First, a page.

Hong Kong Christian leaders have urged the government in Beijing to release 2010 Nobel Peace Prize laureate, Liu Xiaobo, who was honoured for his "long and non-violent struggle for fundamental human rights in China" - writes Francis Wong.
Representatives from the Roman Catholic Justice and Peace Commission of Hong Kong and the Christian Concern Hong Kong Society joined activists in petitioning the Chinese government's liaison office in Hong Kong soon after the announcement of the prize in Oslo on 8 October 2010.
They asked Beijing to release Liu, who initiated the '08 Charter' that asked for greater democracy and respect for human rights. More than 10,000 people in China and overseas have signed the charter.
In 2009, one year after the release of the charter, Liu was sentenced to 11 years in prison and two years' deprivation of political rights for "inciting the subversion of State power". Liu has consistently maintained that the sentence violates both China's constitution and fundamental human rights.
The Hong Kong Catholic commission and a number of civil groups said in a joint statement that Liu is a long time defender of human rights and deserves the Nobel honour.
It also criticised the Chinese government for pressuring the Norwegian Nobel Committee and warning it not to confer the prize on Liu.
Speaking in his personal capacity, the General Secretary of the Hong Kong Christian Council, the Rev Po Kam Cheong, told ENInews he was overjoyed with the result and believes that Liu "absolutely" deserves the prize. "Liu has spent many years in the struggle, in a peaceful way, for greater democracy in China," Po said. "And he has suffered for this cause."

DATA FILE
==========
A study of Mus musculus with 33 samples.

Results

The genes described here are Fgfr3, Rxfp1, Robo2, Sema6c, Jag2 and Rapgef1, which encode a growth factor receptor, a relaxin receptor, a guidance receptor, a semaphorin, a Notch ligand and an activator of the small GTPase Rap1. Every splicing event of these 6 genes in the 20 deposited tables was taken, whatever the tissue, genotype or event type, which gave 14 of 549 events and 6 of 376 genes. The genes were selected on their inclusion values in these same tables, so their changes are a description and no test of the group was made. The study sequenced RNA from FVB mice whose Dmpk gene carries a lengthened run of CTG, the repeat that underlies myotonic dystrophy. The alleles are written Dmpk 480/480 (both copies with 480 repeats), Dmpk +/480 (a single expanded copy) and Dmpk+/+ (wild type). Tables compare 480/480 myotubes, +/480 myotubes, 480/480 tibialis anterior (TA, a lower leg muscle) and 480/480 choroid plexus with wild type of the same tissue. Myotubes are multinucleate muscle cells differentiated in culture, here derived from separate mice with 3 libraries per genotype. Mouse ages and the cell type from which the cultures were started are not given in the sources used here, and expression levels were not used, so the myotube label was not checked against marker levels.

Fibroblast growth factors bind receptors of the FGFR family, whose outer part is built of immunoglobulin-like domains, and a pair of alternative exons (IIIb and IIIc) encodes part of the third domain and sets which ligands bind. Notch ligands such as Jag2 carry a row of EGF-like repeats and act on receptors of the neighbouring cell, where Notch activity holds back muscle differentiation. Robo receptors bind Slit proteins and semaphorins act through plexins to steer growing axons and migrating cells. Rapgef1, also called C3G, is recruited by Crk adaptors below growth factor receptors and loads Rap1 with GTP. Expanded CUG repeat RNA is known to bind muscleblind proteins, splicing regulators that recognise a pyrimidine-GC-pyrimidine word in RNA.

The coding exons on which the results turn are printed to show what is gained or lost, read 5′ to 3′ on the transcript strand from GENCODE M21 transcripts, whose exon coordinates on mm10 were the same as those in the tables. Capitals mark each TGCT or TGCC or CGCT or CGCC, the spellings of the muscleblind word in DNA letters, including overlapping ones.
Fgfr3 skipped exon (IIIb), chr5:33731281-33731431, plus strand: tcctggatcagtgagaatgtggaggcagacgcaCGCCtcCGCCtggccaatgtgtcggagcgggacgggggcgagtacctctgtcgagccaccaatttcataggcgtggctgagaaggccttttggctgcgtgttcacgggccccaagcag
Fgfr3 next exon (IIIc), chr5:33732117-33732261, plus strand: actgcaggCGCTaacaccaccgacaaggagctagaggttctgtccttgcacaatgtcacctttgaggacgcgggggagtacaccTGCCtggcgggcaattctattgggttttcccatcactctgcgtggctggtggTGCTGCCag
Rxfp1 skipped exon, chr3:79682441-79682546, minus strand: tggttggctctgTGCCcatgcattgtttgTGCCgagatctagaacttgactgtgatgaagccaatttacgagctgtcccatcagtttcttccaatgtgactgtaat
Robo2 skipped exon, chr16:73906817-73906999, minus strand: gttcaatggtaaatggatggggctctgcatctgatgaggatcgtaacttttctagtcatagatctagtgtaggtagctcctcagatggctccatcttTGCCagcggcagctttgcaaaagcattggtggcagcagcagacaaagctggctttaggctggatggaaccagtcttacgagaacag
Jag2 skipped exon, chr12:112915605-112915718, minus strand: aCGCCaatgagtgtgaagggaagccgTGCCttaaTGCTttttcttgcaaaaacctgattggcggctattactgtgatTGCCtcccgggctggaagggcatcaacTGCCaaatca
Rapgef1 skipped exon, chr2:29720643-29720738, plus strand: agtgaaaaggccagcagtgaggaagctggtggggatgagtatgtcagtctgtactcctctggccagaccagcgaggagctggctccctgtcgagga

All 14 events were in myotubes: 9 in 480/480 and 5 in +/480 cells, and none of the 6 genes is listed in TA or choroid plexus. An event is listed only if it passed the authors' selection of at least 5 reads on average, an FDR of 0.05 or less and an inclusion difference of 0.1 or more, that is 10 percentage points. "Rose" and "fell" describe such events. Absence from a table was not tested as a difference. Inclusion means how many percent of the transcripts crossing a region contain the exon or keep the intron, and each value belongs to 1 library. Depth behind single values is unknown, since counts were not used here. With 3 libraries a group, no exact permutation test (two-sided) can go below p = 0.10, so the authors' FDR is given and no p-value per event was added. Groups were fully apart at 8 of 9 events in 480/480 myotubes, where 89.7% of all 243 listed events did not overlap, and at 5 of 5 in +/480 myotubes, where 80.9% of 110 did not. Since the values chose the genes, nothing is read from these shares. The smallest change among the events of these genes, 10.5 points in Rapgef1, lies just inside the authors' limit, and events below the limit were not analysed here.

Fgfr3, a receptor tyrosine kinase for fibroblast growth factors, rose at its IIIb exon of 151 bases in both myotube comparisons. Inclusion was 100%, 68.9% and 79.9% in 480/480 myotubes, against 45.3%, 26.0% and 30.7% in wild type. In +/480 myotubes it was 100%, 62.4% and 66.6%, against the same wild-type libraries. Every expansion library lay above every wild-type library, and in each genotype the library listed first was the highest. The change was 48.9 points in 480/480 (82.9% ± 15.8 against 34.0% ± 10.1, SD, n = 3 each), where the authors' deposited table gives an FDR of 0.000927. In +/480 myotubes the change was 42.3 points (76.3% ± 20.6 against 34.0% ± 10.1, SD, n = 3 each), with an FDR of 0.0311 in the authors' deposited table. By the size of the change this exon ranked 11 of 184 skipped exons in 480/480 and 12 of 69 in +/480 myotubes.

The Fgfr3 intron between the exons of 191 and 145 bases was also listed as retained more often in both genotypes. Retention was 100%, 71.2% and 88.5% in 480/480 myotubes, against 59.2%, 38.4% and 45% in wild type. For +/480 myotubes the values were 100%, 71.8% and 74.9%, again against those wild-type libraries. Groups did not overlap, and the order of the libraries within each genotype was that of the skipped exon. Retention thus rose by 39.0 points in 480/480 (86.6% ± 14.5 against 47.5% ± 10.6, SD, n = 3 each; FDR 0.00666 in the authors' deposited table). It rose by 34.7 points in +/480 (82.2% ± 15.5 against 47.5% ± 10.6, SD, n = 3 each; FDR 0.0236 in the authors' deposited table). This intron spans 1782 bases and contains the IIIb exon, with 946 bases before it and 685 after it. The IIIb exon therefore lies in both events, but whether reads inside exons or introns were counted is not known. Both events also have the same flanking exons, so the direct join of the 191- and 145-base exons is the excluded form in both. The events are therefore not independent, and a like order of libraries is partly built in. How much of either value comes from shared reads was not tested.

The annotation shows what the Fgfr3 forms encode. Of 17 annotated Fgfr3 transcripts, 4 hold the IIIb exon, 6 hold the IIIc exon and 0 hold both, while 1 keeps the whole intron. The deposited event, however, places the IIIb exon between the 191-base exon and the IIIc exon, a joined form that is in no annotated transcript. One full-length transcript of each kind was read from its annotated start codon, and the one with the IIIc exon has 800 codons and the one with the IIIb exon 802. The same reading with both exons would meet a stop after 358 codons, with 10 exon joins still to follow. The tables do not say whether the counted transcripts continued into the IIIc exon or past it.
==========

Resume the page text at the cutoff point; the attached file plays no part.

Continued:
In announcing the result, the Norwegian Nobel Committee said that China has achieved economic advances in recent years and that its new status brings increased responsibility. It said China "is in breach of several international agreements to which it is a signatory, as well as of its own provisions concerning political rights".
Liu Xia, the wife of Liu Xiaobo, said in Beijing she was joyful at the result and was proud of her husband. She said that she would tell Liu the news when she visits him the following day. She said she wished that her husband will soon be released to enjoy freedom again.
In Beijing, China's foreign ministry said in a statement that Liu is a criminal, and that he has nothing to do with the spirit of the Nobel Peace Prize.
[With acknowledgements to ENI. Ecumenical News International is jointly sponsored by the World Council of Churches, the Lutheran World Federation, the World Communion of Reformed Churches and the Conference of European Churches.]